Shut-Eye for Almost Every Guy

“Will & Grace”
Episode #144: “Speechless”

Sitting down to watch an episode of Will & Grace for the first time in my life was an experience I won’t soon forget. “Well-written,” “believable” and “enjoyable” are just some of the words that come to mind… when I think of the commercials, that is. The show itself I found to be a manipulative pile of drivel. The show revolves around two flatmates, Will Truman and Grace Adler (Eric McCormack and Debra Messing) who are also best friends. He’s a gay lawyer and she’s a heterosexual interior designer. There’s also Will’s gay friend Jack McFarland (Sean Hayes) and Grace’s sarcastic assistant Karen (Megan Mullally).

The show opens with a brief “teaser” segment in which we learn that Jack is graduating from nursing school and has been asked to give a commencement speech—but he misread the invitation and the ceremony is that evening, so he’s running late. Cue the opening titles, bump to commercial and then back to the story. Now Jack realizes he’s got another problem: he has no speech. He turns to Will for help, asking him to create one for him. Once everyone is into the limo, Will begins crafting a speech by posing questions to Jack about his life and what inspired him.

Everything goes smoothly at the graduation… until Jack realizes he is only kidding himself. Turns out he really doesn’t care about being a nurse and still really wants to be a thespian, so he tears up the speech. There was an epilogue (of about 45 seconds) during the credits but the TV recorder cut it off in the middle and spared me a few seconds of pain… there is a God.

So why was I so turned off by the show? Maybe the episode was just one of the occasional turkeys every show has? After all, the show has a mass of rabid fans. No, I don’t think so; I genuinely despised the show itself. Although to be fair, I only disliked two things about it: the acting and the writing. Here’s what I saw when I watched: an egotistical man, his obnoxious friend and a woman whose only purpose appears to be making snide remarks. We are never “graced” with the presence of Debra Messing’s character.

Here’s the problem: I don’t have anything against a gay person; I have a problem with the way they’re stereotyped on TV, and the actors don’t know how to improve on what they’re given. Eric McCormack knows about as many facial expressions as a signpost, waves his hands in random movements and then tries to hide his overacting by always trying to appear preoccupied. Sean Hayes’ character acts so ridiculously effeminate and giddy that he comes across as slow-witted and infuriating.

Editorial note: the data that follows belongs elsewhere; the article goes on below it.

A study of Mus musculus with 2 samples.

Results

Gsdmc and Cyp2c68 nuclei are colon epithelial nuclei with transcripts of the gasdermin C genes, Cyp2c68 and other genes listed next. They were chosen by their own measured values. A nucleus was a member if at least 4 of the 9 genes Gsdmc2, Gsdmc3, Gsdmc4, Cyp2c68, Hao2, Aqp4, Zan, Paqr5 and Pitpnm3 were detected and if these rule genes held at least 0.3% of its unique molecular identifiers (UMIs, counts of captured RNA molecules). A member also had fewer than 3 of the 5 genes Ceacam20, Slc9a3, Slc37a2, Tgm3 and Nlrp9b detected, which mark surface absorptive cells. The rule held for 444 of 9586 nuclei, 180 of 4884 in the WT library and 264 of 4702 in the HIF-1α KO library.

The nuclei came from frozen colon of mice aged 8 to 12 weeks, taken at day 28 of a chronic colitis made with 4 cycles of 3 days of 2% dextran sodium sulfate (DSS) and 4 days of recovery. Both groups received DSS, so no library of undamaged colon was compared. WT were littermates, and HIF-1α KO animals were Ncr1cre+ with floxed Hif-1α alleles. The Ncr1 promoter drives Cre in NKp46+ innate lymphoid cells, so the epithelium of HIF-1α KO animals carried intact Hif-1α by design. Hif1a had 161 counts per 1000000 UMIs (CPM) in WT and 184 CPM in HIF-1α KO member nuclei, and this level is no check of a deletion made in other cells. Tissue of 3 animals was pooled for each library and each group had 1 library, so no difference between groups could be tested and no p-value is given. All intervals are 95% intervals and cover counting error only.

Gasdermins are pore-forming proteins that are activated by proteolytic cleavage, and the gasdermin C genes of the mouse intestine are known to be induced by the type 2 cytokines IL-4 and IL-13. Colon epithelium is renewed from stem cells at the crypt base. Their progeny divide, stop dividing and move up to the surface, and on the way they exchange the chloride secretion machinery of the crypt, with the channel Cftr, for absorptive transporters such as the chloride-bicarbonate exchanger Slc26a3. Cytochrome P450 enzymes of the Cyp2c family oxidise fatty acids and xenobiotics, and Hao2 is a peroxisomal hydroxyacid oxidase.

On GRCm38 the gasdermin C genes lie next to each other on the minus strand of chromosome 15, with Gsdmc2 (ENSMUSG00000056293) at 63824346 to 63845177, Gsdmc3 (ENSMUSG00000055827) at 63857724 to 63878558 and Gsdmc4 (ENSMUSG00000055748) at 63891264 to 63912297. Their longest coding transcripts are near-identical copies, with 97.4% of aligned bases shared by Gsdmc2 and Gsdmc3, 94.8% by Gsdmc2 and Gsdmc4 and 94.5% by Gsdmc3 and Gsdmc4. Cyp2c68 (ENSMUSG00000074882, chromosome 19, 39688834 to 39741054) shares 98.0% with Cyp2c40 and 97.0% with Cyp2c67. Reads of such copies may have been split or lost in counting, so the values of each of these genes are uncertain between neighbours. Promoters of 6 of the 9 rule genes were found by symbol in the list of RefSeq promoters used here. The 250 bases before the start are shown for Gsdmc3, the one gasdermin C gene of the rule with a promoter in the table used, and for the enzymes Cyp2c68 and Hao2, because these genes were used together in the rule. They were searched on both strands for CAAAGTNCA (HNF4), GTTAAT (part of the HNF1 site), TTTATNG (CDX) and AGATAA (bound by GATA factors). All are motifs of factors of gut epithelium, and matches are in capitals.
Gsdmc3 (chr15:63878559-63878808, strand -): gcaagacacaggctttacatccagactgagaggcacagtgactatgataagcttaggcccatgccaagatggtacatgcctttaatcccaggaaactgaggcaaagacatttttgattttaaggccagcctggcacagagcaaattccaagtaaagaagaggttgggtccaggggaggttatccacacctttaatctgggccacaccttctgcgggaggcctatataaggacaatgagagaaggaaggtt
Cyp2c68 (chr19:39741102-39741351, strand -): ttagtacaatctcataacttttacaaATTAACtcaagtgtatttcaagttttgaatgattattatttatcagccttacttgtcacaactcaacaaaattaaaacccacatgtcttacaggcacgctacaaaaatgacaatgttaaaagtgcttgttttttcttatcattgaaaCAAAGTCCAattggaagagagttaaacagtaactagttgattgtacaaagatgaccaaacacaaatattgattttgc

Of course, the writers know they need something to compensate for the talentless acting, so they put in the character of Karen. It’s like the writers sat down together and said, “Gee, our actors are terrible and even we can’t crank out a decent storyline, so let’s make up for it by putting in a helium-voiced woman whose only skill is making gay jokes.” And then they voted unanimously that this was a great idea. Only problem is, you can’t understand a third of what she’s saying because her voice sounds like helium. The woman is so shrill that Mullally must have been ingesting it by the tankful, and the only way you could tell the difference between her and “Alvin and the Chipmunks” is that Karen exists solely for the purpose of constantly making offensive jokes about gay people.

So here’s the verdict: The show displays as much intelligence as it believes its audience to have, which is minimal. I could go on for 20 pages, but I’m not going to; I’m going to waste as little of my time on the show as possible. But the gist of it is, the show’s contrived and it seems that it has a hidden agenda. The writing is absolutely bizarre: for one thing, the characters are distant, emotionless figures, giving no way for the viewer to connect or identify with them.

What’s more, the one-liners are so random and out-of-place that nobody has a clue what they mean. The actors can’t act them, and even if they could, it doesn’t change the fact that the program expects the jokes will somehow carry the entire show to success. It doesn’t work, since most of the humor is based on stereotypes and unfunny cracks about gay people. It’s all too appropriate that I called the apartment a “flat” earlier, since it works as a catchall description for any part of the show, like the cardboard-cutout-personality actors and shoebox-diorama scenes.

The final word from me is, there’s not much to laugh at. The redeeming feature of this calamity was a female nursing student at the end (Amy Crofoot) whose enthusiastic singing and table-slapping reminded me of Kathy Najimy’s character from Sister Act. That, and the commercials. Now that IKEA ad… that’s good television!